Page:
Coachlines - October 2023

30.10.23 Hugo Cowley

An awe-inspiring experience at the Reno Air Races


Rare Bear, Strega, Voodoo and September Fury are all names synonymous with the annual National Championship Air Races in Reno, Nevada in the US. But to me there’s one aircraft that stands out, writes Aerospace Award winner Hugo Cowley.

Built in the early 1980s by pairing a Hawker Sea Fury T20 fuselage to a Pratt & Whitney R4360, Dreadnought took the air racing world by storm, and 40 years later I couldn’t have imagined in my wildest dreams working on Dreadnought, 924 and Argonaut with the Sanders’ team at the last Reno Air Races event. However, this September, I found myself in exactly that position.

I currently work as part of a three-man team returning Navy Wings’ Sea Fury FB11 (VR930) back to flying condition. As part of this return to flight, the decision was made to fit the aircraft with a Pratt & Whitney R2800 in the form of a quick engine change kit supplied by Sanders Aeronautics.

After opening a dialogue with Sanders during its visit to RNAS Yeovilton in July 2023 I was invited out for two weeks, working as part of its pit crew for the last ever Reno Air Races to learn more about operating Sea Furys with R2800 power-plants.

Upon arrival I was put straight to work helping service all three Sea Furys with fuel, oil and oxygen ready for their flight up to Reno Stead Airport for the upcoming races. Once complete we started loading up the three trailers’ worth of equipment required to operate including GPUs, air compressors, staging and a whole array of spares and tools.

My day finished with a once-in-a-lifetime opportunity to fly in the back seat of the Centaurus-powered T20 Sea Fury which is something I’m extremely grateful to the Sanders family for allowing me to do.

Nothing can prepare you for the spectacle and scale of Reno. The pits stretch for what feels like a mile, brimming with all manner of aircraft from Mustangs to Warhawks, jets to cubs, it truly does feel like the Mecca of aviation. The races themselves started on Monday with check flights and G force tolerance laps which are required by all competing pilots to ensure they are adjusted to pulling sustained G force. Due to these we were rather busy turning the aircraft round for multiple sorties per day.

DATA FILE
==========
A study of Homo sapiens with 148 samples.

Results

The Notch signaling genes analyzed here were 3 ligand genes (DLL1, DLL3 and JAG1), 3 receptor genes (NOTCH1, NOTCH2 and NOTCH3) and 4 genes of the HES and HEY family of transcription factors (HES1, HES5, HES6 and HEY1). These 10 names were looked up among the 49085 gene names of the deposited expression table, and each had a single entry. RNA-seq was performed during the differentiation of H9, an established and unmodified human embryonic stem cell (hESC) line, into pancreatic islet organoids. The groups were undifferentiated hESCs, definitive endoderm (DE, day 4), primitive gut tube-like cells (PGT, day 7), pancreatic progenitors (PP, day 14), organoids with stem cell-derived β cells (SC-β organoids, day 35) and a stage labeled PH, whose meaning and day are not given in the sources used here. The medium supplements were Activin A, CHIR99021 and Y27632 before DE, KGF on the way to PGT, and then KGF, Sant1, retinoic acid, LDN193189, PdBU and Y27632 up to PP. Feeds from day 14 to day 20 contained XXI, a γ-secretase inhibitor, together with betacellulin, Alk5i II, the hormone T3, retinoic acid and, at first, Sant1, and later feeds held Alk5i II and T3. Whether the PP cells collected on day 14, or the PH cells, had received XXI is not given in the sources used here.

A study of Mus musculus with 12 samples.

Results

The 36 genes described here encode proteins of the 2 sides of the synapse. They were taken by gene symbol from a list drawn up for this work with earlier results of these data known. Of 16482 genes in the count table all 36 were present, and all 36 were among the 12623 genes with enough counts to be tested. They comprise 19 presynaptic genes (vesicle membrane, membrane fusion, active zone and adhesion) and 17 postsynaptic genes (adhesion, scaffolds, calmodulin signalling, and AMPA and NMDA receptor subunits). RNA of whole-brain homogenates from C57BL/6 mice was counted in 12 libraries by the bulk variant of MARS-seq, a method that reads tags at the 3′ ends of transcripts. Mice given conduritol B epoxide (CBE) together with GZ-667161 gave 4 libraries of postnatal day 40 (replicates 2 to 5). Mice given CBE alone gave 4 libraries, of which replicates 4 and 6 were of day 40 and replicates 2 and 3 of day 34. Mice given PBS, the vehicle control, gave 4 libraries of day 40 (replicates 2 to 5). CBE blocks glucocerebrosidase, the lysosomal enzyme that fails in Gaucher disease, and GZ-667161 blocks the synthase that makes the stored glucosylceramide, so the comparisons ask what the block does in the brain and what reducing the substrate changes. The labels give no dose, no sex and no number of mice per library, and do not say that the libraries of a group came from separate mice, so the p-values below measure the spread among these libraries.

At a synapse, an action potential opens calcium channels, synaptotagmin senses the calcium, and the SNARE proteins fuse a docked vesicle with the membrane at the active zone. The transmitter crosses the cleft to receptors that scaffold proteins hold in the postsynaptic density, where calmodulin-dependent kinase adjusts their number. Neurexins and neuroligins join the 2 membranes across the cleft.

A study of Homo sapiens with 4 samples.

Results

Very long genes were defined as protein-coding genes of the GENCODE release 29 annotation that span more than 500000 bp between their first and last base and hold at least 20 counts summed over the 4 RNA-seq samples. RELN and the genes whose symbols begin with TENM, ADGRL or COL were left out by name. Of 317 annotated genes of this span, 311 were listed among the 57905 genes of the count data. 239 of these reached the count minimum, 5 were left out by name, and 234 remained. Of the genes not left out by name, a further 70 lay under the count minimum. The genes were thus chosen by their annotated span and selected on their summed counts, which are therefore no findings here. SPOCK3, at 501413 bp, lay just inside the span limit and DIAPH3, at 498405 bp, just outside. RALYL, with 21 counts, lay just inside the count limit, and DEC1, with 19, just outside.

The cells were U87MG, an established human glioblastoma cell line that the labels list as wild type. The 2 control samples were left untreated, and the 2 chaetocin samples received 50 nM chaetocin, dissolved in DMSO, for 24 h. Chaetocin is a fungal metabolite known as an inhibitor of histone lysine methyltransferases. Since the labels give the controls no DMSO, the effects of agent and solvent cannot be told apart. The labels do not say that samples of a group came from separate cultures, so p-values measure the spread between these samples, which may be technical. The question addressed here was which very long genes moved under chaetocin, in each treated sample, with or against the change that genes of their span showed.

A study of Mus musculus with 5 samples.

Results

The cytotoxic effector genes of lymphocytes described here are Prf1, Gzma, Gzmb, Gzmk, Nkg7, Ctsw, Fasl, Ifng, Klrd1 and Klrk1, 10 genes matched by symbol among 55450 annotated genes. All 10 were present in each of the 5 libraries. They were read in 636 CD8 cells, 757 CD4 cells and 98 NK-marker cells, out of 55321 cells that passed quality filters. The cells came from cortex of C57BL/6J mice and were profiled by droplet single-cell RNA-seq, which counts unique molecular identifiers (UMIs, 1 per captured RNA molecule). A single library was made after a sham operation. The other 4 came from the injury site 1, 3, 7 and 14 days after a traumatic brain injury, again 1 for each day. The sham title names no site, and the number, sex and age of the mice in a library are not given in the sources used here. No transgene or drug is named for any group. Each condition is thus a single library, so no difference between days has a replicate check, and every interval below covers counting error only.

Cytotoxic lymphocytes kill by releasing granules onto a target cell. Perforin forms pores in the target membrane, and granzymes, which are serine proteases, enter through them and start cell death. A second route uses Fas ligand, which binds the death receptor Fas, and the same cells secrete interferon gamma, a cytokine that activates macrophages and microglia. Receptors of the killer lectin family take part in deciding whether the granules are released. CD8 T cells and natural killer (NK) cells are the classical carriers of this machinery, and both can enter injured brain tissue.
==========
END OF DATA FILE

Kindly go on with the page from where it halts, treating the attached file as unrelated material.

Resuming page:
As VR930 is powered with an R2800 engine I was placed as part of a crew working on Argonaut which is another R2800-powered Sea Fury FB11 (with some racing modifications such as ADI and water spray bars). Seeing aircraft travelling at speeds in excess of 300mph 100ft off the ground while being mere metres away from each other is incredible, a sight you won’t see anywhere outside of the high desert.

As the week progressed, we went into qualifying and of course the heats, building up to the Unlimited Gold Final on Sunday. After every race the aircraft would have all filters removed and inspected before being cleaned and reinstalled ready for a ground run to check the next morning.

While there is no doubt about the awe-inspiring event that is Reno, unfortunately there are risks associated with air racing, this was brought to light when our final race was cancelled following the tragic accident involving two Harvard T6s. I can only express my deepest sympathies to the families of those involved.

Being awarded the Eric ‘Winkle’ Brown Scholarship by the Coachmakers has really accelerated my career, I feel without the award my trip to Reno would not have been possible. I am immensely grateful for the support the Coachmakers has provided me. Prior to the award I was working in general aviation and in the space of five months I now find myself working on historic warbirds which is a dream come true. It has given me a head start in this field and I aim to keep this momentum up, hopefully one day becoming a specialist in late war piston powered fighter aircraft.

As for my involvement with the Coachmakers, I aim to one day join the Livery so that I may help and inspire future engineers in the way I have been inspired and supported.

Overall it was an amazing experience I am extremely thankful for, being able to fly out to Reno and work with arguably the greatest team to have competed at the event was a real privilege, I must extend a big thank you to Joel, Shannon, and the whole team at Sanders Aeronautics for allowing me to participate in the last ever Reno Air Races while making me feel part of the team from day one. I learnt a host of new information regarding maintaining and operating historic aircraft which I am looking forward to taking back to my current task of returning VR930 back to flying condition with Navy Wings.